Nestled away in the announcement that Microsoft Office 2016 for Windows is now available is the news that Microsoft GigJam, one of the company’s weirdest and most experimental new apps, is entering a private preview phase for a few trial customers.
When GigJam was first announced this past July, it was hard to understand.
But I witnessed a demo at a Microsoft Office press event last night, and I have to say: GigJam is so crazy that it just might work.
“We’ve invented a new method of communication,” says Microsoft engineer Vijay Mital, head of the GigJam project.
Basically, you pull up a bunch of business data from various sources — Salesforce, Outlook, Microsoft Office 365, LinkedIn, whatever — either by typing or by simply telling Cortana (Microsoft’s virtual assistant) what you want. In the demo, a Microsoft employee pulled up his list of Salesforce projects just by saying “bring up my projects.”
Once you have the data you want to work with, you literally use your mouse or finger to circle it. Anything you specifically don’t want to share, you X out.
In this example, all three columns will get shared — with the exception of an internal project number and the fact that that he’s using Outlook, because the employee X’ed those out.
Mital calls each individual bit of separate, shareable data “the molecules of work.”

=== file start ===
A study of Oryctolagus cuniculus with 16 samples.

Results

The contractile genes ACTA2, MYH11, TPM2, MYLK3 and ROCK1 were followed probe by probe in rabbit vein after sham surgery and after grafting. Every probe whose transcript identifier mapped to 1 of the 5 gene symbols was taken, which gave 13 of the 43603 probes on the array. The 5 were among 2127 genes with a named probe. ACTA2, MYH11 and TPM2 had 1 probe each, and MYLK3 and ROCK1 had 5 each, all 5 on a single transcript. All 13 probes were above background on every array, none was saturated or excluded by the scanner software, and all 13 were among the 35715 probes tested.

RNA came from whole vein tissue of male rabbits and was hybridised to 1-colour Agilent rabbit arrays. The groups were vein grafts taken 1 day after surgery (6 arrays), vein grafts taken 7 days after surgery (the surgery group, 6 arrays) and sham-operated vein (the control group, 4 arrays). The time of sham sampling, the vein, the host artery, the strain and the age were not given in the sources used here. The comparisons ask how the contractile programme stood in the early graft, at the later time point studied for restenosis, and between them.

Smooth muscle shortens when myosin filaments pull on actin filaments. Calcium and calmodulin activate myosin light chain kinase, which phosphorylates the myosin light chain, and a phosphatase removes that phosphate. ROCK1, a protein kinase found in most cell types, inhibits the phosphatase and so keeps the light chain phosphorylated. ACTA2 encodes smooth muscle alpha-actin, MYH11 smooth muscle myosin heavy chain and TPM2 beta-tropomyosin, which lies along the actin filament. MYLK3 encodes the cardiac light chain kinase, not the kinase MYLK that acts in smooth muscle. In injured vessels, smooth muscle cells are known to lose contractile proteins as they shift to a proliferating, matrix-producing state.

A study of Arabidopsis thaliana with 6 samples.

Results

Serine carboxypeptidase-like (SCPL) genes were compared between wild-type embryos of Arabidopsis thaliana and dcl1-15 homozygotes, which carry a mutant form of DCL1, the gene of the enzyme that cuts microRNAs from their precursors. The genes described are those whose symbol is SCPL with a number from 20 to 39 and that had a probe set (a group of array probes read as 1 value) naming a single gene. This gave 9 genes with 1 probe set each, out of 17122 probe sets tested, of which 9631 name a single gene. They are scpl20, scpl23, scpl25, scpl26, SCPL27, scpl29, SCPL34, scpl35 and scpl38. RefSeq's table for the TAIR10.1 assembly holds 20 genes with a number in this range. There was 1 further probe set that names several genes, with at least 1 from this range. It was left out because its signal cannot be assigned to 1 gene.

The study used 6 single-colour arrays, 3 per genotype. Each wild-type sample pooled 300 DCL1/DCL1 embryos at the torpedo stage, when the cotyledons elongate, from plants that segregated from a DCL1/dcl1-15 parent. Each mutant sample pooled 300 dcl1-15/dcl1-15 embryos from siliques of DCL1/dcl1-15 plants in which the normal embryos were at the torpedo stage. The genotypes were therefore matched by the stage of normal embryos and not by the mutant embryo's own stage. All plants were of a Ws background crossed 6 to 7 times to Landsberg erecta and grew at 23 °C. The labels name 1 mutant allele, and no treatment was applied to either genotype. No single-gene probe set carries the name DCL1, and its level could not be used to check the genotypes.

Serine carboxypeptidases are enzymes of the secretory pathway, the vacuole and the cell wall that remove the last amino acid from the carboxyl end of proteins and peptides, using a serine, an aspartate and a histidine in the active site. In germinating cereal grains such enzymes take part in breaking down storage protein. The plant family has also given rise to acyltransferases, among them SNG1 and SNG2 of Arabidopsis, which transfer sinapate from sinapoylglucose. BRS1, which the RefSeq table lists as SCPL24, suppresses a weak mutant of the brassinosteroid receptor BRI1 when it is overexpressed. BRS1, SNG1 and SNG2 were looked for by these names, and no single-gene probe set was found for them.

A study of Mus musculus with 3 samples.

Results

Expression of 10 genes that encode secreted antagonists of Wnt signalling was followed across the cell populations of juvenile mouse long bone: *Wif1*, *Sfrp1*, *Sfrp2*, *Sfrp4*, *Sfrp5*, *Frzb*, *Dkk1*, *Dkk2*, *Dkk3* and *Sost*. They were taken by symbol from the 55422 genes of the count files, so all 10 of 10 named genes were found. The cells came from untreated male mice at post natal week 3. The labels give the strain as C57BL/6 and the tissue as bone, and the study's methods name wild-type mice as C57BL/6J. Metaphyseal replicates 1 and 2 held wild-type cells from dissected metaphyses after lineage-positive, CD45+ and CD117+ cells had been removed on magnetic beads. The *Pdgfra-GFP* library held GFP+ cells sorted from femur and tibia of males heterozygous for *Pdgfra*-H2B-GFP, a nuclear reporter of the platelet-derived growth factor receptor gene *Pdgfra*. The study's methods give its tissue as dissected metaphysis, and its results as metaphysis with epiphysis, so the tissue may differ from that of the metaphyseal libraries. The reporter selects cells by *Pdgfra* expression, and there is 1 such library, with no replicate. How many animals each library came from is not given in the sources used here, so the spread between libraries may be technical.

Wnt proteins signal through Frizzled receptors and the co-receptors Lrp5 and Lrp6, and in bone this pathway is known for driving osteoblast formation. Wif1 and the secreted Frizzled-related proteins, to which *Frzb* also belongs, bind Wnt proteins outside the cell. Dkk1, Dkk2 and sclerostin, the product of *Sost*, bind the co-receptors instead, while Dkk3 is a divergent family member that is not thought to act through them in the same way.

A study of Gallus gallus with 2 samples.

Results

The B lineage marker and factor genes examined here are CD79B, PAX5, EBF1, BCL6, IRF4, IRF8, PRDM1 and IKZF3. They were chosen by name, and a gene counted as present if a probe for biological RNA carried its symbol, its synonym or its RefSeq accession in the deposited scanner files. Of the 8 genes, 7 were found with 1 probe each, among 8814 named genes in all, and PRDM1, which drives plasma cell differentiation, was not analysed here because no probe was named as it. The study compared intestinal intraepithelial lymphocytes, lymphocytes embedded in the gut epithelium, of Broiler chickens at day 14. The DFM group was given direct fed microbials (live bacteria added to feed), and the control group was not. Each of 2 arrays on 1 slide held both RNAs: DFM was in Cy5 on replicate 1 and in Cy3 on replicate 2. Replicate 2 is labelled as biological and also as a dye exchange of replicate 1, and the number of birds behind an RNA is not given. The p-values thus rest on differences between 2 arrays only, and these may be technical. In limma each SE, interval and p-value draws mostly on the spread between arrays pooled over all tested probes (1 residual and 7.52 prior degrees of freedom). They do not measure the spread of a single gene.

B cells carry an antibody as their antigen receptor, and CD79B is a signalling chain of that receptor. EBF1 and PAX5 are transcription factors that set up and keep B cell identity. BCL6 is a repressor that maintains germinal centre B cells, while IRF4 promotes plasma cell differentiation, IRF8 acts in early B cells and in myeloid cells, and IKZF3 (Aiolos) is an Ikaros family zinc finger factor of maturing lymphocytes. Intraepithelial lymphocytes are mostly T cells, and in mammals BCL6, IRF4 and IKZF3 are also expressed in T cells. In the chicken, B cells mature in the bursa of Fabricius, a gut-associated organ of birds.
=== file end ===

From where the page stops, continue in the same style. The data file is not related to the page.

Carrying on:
Then, you invite others to work with you.
Microsoft is readying GigJam apps for Windows 7 through 10, the Mac, iOS, and eventually Android, Mital says, so it shouldn’t be too hard to find a GigJam buddy. But they will still need the app to see it, and there’s no browser-based version currently planned, Mital says.
They only see what you let them see. On an iPhone, it works in exactly the same way, and they can add and send their own information back:
It’s designed to provide a little more privacy than just broadcasting your entire desktop to a coworker or outside contractor, since you can control what gets shared.
And it’s a little more productive than email, since you don’t need to take the time to take screenshots or copy and paste the relevant data before you send it along.
You just pull up your stuff, choose what you want to share, and go. GigJam may never kill email or phone calls, but it can at least save you a lot of “15-minute phone calls” or pointless back-and-forth email threads, Mital says.
“We don’t want to talk. We want to get work done,” Mital says.
Out of the box, GigJam supports a bunch of common workplace apps, including Microsoft Outlook, Asana, SugarCRM, and Salesforce, Mital says. With those officially supported apps, you get the full ability to circle and cross out data fields with impunity.
But a bunch of other apps will have limited, but functional, GigJam integration. So long as those apps use a just-about-standard REST-based API (programmer-speak for the hooks that apps use to talk to each other), GigJam can at least suck in their data.
And to further the movement, Microsoft is also going to release a set of tools so developers can build in more GigJam-friendly features.
Of course, those outside developers will only do that if GigJam catches on. But from just a short demo, GigJam went from a big mystery to something that I can’t wait to experiment with. Fortunately, once it’s out of preview, GigJam will be available to Office 365 subscription service customers.
And who knows? Maybe it will start saving us all a few extra 15-minute phone calls every day.